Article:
Simple nutritional tips to help manage your allergies
The weather is not as warm as we might like but the pollen is in the air and this causes a lot of discomfort for those who suffer from seasonal allergies. So, this week, I will be looking at what is an allergic response and the lifestyle and nutritional changes you can implement to help get you through the season, and enjoy it.
To help deal with the symptoms, it is important to understand the process behind it so that we can take the appropriate actions. When our body meets a foreign body such as a bacteria or virus, our immune system comes into action responding in various ways to ward off the threat, this often results in a fever, sweating, congestion, these are all defence mechanisms. However, when someone suffers from seasonal allergies, the immune system will perceive these harmless pollens as a threat and will springing into action by producing histamine, which is the chemical responsible for the itchy and watery eyes, congested nose, sneezing, and other cold-like symptoms that comes with seasonal allergies.
Therefore, the objective through the allergy season is to reduce the body’s production of histamine and reduce our exposure to pollens, which is easier said than done. However, certain foods can help reduce histamine production as well as some lifestyle tips.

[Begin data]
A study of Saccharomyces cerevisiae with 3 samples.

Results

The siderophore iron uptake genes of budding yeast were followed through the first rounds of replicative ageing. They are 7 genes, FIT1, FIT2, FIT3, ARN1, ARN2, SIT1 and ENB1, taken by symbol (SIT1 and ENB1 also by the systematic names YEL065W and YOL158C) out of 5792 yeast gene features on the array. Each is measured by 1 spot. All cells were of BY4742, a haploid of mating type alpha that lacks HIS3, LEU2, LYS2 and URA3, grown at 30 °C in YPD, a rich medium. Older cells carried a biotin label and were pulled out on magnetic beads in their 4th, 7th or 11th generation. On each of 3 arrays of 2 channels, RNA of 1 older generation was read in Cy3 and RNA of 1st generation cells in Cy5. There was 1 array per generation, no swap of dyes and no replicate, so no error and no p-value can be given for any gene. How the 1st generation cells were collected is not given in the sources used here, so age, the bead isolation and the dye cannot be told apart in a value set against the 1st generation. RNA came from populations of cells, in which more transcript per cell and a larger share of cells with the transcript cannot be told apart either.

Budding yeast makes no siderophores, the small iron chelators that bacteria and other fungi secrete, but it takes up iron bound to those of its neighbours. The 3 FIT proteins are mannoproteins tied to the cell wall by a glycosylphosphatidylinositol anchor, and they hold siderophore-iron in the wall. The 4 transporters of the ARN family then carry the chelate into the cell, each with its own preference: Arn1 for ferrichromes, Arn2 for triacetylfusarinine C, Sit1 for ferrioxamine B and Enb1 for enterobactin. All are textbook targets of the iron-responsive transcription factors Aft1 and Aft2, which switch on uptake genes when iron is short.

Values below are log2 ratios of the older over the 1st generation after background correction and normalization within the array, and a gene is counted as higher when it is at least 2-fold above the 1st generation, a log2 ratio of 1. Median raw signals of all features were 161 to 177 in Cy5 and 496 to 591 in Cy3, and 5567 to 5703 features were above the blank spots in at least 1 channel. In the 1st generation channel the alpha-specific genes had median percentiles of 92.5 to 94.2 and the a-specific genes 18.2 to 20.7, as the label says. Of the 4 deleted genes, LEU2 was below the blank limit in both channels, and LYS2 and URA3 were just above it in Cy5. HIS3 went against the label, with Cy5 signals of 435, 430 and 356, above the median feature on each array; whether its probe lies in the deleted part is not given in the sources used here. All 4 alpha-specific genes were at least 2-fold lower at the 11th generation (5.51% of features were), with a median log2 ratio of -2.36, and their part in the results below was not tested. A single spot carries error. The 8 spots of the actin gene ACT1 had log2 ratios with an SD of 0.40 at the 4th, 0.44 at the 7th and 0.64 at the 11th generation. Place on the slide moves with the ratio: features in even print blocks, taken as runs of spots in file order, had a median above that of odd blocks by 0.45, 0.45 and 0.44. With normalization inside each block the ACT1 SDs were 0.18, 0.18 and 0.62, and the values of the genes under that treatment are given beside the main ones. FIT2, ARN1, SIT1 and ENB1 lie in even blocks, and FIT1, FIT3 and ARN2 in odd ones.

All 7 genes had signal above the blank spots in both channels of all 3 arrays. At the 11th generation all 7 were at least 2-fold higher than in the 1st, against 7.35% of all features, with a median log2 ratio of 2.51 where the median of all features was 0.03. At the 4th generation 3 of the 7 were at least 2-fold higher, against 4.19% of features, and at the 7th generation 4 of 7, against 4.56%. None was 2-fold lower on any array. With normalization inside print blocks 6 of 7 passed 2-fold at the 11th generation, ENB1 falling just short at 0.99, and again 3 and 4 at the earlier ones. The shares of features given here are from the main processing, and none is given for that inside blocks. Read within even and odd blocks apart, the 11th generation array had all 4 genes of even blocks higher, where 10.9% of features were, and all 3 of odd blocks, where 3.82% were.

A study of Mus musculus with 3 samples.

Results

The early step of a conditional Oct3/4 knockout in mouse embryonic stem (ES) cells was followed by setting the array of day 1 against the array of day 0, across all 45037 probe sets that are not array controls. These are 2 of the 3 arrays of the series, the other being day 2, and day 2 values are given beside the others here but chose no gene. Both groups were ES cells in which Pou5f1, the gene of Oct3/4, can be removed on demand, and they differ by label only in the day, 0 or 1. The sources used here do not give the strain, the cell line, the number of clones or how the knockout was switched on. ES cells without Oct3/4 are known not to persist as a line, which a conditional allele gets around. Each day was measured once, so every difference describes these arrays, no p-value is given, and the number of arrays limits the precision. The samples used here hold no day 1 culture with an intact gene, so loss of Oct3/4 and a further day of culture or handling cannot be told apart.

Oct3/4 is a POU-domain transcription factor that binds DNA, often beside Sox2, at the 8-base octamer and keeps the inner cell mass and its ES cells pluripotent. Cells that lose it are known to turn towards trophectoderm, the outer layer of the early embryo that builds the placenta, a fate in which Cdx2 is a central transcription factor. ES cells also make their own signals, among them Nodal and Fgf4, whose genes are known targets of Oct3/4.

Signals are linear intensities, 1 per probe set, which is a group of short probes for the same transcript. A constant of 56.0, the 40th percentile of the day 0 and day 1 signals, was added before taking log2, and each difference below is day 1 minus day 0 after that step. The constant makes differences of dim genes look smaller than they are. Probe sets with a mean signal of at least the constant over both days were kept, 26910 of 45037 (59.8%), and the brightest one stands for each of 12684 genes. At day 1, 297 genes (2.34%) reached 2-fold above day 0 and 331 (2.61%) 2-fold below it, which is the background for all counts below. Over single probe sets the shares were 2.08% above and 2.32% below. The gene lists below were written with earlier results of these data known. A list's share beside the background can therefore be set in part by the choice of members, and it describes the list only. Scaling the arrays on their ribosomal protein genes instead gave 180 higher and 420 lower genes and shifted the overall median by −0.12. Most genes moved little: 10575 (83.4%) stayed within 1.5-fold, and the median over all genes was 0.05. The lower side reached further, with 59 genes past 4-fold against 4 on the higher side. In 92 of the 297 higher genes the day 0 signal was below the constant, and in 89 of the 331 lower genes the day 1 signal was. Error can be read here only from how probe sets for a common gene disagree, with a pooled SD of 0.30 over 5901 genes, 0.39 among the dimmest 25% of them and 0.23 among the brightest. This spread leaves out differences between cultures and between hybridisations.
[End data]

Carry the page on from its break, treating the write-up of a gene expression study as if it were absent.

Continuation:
A diet high in citrus fruits, strawberries, cauliflower, and bell peppers is ideal as they have a high content of vitamin C which is known to support the immune system and reduce inflammation. Bromelain which is also a powerful antioxidant is also an anti-inflammatory chemical that is found in pineapple and studies have shown that bromelain can help to reduce the inflammatory response to allergy symptoms.
Fermented foods such as Parmesan cheese and pickles or sauerkraut should be avoided or reduced, as over time their histamine content can increase, this also includes dairy, alcoholic beverages, kombucha and soy. Eggs whites, for some people, is another food that can increase the production of histamine, so just using egg yolks is an option. Sugar and hidden sugars are known to be highly inflammatory in the body, so reducing consumption at this time of year will be of help not only in reducing the symptoms but will also improve your gut health, which we know is linked to your immune system.
ABOVE: This one-pan dish is easy to prepare and packs a gut-health punch!
Our gut health can also be improved by taking a daily dose of probiotics to help maintain gut health and increase the absorption of the vital nutrients previously mentioned. Try this one-pan dish of steak with broccoli and asparagus, is a delicious combination that truly hits the spot.
I love having windows and doors open but when the pollen counts are high it is better to just open them briefly first thing in the morning and then keep them closed the rest of the day, as this will help to reduce pollens within the home. When coming inside it is a good idea to wash your face and hands with a gentle soap to remove any pollens which are still on your skin and for those with severe seasonal allergies, it be might worth even changing clothes.
If all else fails antihistamine tablets are available at the pharmacy and work by blocking the production of histamine, therefore reducing to a great or lesser degree, depending on the severity of the reaction, the allergic symptoms.